Catholics on the Barricades

Poland, France, and "Revolution," 1891-1956

Yale-Hoover Series on Authoritarian Regimes
  • New Haven, CT: 
    Yale University Press
    , January
     424 pages.
     For other formats: Link to Publisher's Website.


In Poland in the 1940s and '50s, a new kind of Catholic intended to remake European social and political life—not with guns, but French philosophy.

This collective intellectual biography examines generations of deeply religious thinkers whose faith drove them into public life, including Karol Wojtyla, future Pope John Paul II, and Tadeusz Mazowiecki, the future prime minister who would dismantle Poland’s Communist regime.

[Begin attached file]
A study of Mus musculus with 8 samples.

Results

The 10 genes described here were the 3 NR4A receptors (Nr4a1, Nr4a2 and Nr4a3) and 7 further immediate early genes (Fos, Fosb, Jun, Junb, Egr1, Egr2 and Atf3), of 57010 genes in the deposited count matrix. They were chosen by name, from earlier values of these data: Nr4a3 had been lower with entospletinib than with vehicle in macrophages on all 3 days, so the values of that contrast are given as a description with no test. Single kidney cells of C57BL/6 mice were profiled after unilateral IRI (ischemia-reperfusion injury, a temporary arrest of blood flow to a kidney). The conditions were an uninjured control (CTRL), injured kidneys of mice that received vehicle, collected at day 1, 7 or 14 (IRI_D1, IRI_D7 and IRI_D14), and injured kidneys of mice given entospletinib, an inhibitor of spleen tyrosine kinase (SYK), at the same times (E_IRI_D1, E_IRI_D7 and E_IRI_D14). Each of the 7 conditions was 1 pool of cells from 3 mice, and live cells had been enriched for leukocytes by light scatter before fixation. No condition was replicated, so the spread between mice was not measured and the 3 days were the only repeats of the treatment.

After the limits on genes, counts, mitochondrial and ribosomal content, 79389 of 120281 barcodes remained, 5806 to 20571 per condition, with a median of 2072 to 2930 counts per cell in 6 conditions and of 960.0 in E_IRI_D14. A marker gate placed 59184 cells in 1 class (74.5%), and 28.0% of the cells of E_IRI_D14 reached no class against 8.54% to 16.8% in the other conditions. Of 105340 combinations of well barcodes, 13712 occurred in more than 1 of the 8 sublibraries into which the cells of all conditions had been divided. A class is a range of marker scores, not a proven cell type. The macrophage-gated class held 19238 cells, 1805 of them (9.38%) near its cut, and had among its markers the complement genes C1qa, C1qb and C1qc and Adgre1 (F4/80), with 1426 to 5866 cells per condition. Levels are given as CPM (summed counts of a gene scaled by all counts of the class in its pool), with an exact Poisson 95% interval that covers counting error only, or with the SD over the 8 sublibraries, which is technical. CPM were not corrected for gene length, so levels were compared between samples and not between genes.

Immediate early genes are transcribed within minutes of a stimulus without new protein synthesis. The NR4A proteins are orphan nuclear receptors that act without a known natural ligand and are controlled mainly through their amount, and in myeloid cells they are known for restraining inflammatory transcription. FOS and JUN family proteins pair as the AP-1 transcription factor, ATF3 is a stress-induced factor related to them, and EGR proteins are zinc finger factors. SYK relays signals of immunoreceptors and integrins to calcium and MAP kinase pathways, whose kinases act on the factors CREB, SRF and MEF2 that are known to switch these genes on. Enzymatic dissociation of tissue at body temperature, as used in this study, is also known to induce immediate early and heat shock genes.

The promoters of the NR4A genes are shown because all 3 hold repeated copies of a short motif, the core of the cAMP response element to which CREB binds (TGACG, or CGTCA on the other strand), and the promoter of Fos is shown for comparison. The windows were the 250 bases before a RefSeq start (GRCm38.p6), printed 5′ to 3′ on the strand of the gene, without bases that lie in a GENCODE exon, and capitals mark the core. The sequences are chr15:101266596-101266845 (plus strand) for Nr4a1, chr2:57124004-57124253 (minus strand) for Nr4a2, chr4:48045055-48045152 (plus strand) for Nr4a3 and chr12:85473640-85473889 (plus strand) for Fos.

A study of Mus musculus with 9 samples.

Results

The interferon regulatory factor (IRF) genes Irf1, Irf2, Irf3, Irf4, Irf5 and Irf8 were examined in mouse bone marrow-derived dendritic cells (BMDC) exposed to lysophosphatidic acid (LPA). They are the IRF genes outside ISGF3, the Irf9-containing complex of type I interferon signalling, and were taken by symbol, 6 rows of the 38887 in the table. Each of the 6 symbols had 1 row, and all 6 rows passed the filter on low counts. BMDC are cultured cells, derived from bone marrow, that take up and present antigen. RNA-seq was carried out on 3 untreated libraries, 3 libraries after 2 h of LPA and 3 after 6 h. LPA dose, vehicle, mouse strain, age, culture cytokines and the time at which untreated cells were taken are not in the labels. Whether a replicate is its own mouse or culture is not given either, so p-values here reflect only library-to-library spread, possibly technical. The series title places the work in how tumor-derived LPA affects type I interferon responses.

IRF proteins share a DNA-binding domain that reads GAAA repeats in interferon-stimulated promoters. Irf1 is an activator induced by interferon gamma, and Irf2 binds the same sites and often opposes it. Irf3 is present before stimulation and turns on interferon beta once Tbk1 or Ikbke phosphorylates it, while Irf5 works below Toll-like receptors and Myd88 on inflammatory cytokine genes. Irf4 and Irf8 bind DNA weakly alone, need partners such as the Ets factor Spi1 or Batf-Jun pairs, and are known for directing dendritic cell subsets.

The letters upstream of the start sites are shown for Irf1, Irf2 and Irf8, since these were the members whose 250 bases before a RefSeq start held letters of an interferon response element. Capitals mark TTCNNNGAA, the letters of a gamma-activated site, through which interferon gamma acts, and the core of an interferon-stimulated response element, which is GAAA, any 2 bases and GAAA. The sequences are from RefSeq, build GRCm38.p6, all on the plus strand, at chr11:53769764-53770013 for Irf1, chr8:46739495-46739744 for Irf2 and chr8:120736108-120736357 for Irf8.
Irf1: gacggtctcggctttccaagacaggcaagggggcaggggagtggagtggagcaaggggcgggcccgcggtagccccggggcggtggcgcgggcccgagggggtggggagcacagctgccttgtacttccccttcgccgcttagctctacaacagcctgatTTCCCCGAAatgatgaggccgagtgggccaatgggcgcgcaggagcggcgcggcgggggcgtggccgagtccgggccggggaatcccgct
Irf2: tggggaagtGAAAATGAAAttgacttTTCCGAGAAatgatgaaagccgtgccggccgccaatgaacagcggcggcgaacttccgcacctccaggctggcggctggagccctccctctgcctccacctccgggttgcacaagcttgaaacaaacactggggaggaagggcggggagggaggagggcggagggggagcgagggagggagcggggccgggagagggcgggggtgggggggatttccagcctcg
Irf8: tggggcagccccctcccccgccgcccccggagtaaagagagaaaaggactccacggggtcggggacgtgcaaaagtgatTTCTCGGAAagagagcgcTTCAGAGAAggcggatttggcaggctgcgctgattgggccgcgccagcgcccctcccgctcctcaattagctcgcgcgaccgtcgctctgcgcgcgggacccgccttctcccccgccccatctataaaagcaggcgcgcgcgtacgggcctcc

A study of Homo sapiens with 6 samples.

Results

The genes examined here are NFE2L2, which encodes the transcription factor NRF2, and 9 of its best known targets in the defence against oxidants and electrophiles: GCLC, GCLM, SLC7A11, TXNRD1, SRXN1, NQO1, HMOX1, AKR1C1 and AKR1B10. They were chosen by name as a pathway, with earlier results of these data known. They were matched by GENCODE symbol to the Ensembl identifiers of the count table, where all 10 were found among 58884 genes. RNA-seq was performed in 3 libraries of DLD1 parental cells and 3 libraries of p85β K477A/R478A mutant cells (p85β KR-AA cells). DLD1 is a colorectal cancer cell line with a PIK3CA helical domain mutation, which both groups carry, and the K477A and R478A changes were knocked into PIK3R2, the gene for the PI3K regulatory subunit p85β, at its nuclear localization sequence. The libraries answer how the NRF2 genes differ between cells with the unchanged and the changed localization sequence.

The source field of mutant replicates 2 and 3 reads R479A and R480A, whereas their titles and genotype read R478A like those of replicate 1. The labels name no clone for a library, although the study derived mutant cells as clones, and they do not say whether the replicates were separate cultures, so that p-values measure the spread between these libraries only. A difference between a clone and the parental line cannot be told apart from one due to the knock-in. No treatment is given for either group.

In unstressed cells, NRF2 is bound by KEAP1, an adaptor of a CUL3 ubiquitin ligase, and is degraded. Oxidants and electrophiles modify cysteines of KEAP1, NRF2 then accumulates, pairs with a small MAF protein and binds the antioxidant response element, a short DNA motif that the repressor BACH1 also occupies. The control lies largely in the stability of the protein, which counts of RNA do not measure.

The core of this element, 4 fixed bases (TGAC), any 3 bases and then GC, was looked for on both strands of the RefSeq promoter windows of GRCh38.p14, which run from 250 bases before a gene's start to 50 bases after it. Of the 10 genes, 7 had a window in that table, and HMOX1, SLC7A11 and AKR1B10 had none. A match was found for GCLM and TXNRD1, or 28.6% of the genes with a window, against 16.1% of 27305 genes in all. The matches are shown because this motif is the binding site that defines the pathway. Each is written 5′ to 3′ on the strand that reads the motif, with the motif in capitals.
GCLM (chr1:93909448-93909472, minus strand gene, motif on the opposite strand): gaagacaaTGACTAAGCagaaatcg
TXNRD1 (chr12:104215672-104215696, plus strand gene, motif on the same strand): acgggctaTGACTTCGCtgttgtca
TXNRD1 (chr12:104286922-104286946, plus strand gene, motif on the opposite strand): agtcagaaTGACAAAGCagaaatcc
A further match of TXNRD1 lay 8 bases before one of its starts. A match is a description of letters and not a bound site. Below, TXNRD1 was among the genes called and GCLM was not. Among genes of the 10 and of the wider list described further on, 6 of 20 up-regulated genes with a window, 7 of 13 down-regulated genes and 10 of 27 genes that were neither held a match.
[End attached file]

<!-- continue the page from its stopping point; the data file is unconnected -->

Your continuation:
Seeking to change the way we understand the Catholic Church, World War II, the Cold War, and communism, this study centers on the idea of “revolution.” It examines two crucial countries, France and Poland, while challenging conventional wisdom among historians and introducing innovations in periodization, geography, and methodology. Why has much of Eastern Europe gone back down the road of exclusionary nationalism and religious prejudice since the end of the Cold War? Piotr H. Kosicki helps to understand the crises of contemporary Europe by examining the intellectual world of Roman Catholicism in Poland and France between the Church's declaration of war on socialism in 1891 and the demise of Stalinism in 1956.

About the Author(s)/Editor(s)/Translator(s): 

Piotr H. Kosicki is assistant professor of history at the University of Maryland. He has written for the Nation, the New Republic, and the Times Literary Supplement.